The 2018 edition of AfricaCom was held in Cape town, South Africa from the 13th-15th November. A major telecoms event on the African continent, with over 14,000 attendees, 450 speakers and 400 exhibitors, AfricaCom is the place to meet everybody who’s anybody in African telecoms and technology. It is also the ideal venue to meet new partners and learn about new market trends for both terrestrial and satellite connectivity.

Following this event, we highlighted the following areas of interest:

  • The development of terrestrial connectivity: This remains costly in Africa and coverage is still inadequate, even though enormous progress has been made in recent years. To develop digital services, broadband must be made more accessible to the consumer in the future.
  • Digital operators: In a competitive environment, in order to develop and increase their market share, telecoms operators must be able to adapt and become ‘Digital Service Providers’. DSP’s will have an open Cloud-Native programme centred on applications. They will support data-driven virtual services and their activities will be driven by value and customer experience rather than by facilities.
  • IoT and 5G : The implementation of the Internet of Things will be conditional on 5G development. This new generation of mobile networks is currently in the testing phase in South Africa. With the advent of 5G, the IoT which is driven by mobility, represents a high-potential market on the African continent. Adrian Ho, an analyst at Ovum Africa, estimates the value of this market to be $159M. Expectations are high and will cover a broad scope from smart city technology to agriculture in addition to the retail industry.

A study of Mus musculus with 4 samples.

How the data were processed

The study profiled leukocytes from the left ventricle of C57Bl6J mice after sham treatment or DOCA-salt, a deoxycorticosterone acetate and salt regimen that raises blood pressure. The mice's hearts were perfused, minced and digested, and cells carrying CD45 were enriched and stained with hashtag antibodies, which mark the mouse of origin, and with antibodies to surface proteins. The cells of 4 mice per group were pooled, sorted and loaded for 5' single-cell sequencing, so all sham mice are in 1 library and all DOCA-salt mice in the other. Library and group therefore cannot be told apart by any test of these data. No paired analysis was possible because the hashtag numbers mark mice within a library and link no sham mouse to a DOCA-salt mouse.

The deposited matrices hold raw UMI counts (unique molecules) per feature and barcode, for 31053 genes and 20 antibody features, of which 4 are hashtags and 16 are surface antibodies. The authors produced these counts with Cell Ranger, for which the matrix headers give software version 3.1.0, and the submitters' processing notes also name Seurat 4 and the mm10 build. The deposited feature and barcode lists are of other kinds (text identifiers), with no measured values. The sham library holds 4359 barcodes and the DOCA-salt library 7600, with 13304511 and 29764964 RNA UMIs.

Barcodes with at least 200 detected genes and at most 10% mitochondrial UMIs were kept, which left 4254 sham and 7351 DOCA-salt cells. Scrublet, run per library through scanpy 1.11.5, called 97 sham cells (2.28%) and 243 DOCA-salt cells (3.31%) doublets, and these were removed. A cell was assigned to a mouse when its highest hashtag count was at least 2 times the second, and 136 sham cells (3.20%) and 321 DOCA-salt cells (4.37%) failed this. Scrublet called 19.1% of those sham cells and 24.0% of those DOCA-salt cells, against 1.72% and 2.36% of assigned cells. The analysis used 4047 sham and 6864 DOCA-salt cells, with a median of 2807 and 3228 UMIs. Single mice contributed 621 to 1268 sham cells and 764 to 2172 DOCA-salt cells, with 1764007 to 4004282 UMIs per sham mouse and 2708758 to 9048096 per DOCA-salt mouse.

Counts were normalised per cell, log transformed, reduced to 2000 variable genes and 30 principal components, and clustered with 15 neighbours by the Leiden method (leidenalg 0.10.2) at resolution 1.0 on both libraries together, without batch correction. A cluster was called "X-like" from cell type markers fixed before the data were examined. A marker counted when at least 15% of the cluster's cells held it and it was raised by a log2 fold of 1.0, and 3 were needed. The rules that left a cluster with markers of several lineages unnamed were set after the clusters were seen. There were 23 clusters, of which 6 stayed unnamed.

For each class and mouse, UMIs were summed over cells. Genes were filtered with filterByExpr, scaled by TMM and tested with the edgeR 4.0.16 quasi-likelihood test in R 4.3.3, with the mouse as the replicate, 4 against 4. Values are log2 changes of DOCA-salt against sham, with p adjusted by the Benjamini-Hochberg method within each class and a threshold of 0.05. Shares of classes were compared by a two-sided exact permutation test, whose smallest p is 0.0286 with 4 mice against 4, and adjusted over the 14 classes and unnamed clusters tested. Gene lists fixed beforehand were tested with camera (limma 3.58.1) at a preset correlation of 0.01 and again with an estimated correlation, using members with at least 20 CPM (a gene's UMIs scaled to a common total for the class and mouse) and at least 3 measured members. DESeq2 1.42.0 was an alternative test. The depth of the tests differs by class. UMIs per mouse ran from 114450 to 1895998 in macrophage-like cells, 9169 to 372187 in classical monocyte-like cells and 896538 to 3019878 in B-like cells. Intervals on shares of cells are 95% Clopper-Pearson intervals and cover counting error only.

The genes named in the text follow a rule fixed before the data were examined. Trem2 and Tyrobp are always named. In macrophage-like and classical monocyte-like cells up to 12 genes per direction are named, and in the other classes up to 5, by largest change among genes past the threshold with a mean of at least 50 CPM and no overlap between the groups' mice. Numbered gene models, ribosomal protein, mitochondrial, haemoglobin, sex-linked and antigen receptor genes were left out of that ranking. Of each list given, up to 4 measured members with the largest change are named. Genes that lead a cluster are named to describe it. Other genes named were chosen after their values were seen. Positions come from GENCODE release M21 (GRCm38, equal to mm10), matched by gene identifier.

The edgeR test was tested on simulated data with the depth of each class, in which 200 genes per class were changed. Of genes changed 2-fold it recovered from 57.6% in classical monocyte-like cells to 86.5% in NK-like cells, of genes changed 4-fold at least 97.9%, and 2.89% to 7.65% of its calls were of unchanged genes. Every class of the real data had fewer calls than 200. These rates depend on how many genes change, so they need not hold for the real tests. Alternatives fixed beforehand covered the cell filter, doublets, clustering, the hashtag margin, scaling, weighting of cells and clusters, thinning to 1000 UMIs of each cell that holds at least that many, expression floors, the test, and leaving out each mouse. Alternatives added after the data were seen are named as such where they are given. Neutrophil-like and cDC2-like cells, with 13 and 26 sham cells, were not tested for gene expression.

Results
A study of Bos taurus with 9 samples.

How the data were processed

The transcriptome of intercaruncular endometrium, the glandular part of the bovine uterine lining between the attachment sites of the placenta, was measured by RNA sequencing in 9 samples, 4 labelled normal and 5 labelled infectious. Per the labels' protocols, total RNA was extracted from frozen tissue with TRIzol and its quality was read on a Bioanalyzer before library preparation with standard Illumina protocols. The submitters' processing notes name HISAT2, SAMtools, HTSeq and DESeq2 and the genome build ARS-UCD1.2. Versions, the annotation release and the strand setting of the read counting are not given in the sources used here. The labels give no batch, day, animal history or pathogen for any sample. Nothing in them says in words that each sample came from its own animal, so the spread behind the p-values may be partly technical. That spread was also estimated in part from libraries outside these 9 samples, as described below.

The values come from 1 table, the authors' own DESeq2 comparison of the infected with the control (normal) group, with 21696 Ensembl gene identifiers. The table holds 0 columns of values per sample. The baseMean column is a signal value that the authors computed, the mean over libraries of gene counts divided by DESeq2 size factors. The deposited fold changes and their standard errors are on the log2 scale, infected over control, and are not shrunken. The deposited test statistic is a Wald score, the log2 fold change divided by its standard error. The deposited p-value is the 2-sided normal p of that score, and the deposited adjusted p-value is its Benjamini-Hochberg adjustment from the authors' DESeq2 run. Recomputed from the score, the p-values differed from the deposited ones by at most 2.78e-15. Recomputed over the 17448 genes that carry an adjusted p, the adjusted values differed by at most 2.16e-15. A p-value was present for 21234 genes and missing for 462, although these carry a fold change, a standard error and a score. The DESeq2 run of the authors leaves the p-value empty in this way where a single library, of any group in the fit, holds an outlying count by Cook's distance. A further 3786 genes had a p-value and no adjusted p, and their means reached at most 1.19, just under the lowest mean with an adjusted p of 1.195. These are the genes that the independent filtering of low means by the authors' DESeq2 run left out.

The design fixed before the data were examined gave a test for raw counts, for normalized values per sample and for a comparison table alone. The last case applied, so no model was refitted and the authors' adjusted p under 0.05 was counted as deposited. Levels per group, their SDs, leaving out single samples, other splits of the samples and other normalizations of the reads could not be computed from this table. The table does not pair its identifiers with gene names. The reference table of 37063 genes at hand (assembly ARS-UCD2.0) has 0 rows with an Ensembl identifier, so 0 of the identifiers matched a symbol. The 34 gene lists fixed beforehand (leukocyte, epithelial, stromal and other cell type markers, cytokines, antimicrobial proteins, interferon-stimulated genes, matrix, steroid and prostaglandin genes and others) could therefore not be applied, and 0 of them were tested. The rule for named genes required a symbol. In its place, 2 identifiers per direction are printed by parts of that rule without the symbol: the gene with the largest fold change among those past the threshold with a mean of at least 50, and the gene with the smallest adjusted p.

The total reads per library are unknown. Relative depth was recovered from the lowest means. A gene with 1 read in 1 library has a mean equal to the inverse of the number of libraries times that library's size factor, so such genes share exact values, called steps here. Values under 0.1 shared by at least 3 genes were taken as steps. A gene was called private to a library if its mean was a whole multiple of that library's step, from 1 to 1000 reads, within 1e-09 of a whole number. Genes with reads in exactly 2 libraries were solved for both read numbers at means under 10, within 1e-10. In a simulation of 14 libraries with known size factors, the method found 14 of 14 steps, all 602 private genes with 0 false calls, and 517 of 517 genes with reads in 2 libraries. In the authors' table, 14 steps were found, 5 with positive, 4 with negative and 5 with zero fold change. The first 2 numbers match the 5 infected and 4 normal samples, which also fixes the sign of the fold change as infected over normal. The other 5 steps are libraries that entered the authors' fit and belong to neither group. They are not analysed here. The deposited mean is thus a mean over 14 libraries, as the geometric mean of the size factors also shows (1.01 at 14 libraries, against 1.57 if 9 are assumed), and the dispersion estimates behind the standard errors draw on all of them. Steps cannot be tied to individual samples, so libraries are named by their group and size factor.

• Network Function Virtualisation (NFV – SDN): Ryan van Den Bergh, the Radio Access Network (RAN) Technical Specialist at MTN SA confirmed the maturity of these new network virtualisation technologies. They may be the key to improving existing services and to unlocking 4G/5G networks on the continent. They will not only help to reduce deployment costs, but also to reduce network complexity:
    • Facilitating the supply of end-to-end services
    • Better interoperability
    • Better service monitoring and planning

With nearly two thirds of mobile connections in Africa still connected to 2G networks, it may seem strange to look towards these technologies. However, the starting point for African operators is very different. The prevalence of these 2G connections means that operators must first determine the best way to deploy virtual services on these legacy mobile networks.

The next edition of AfricaCom will be held from the 12th – 14th November 2019.

For more information, click through to their website here.

The SONEMA team is always available to answer any additional questions you may have.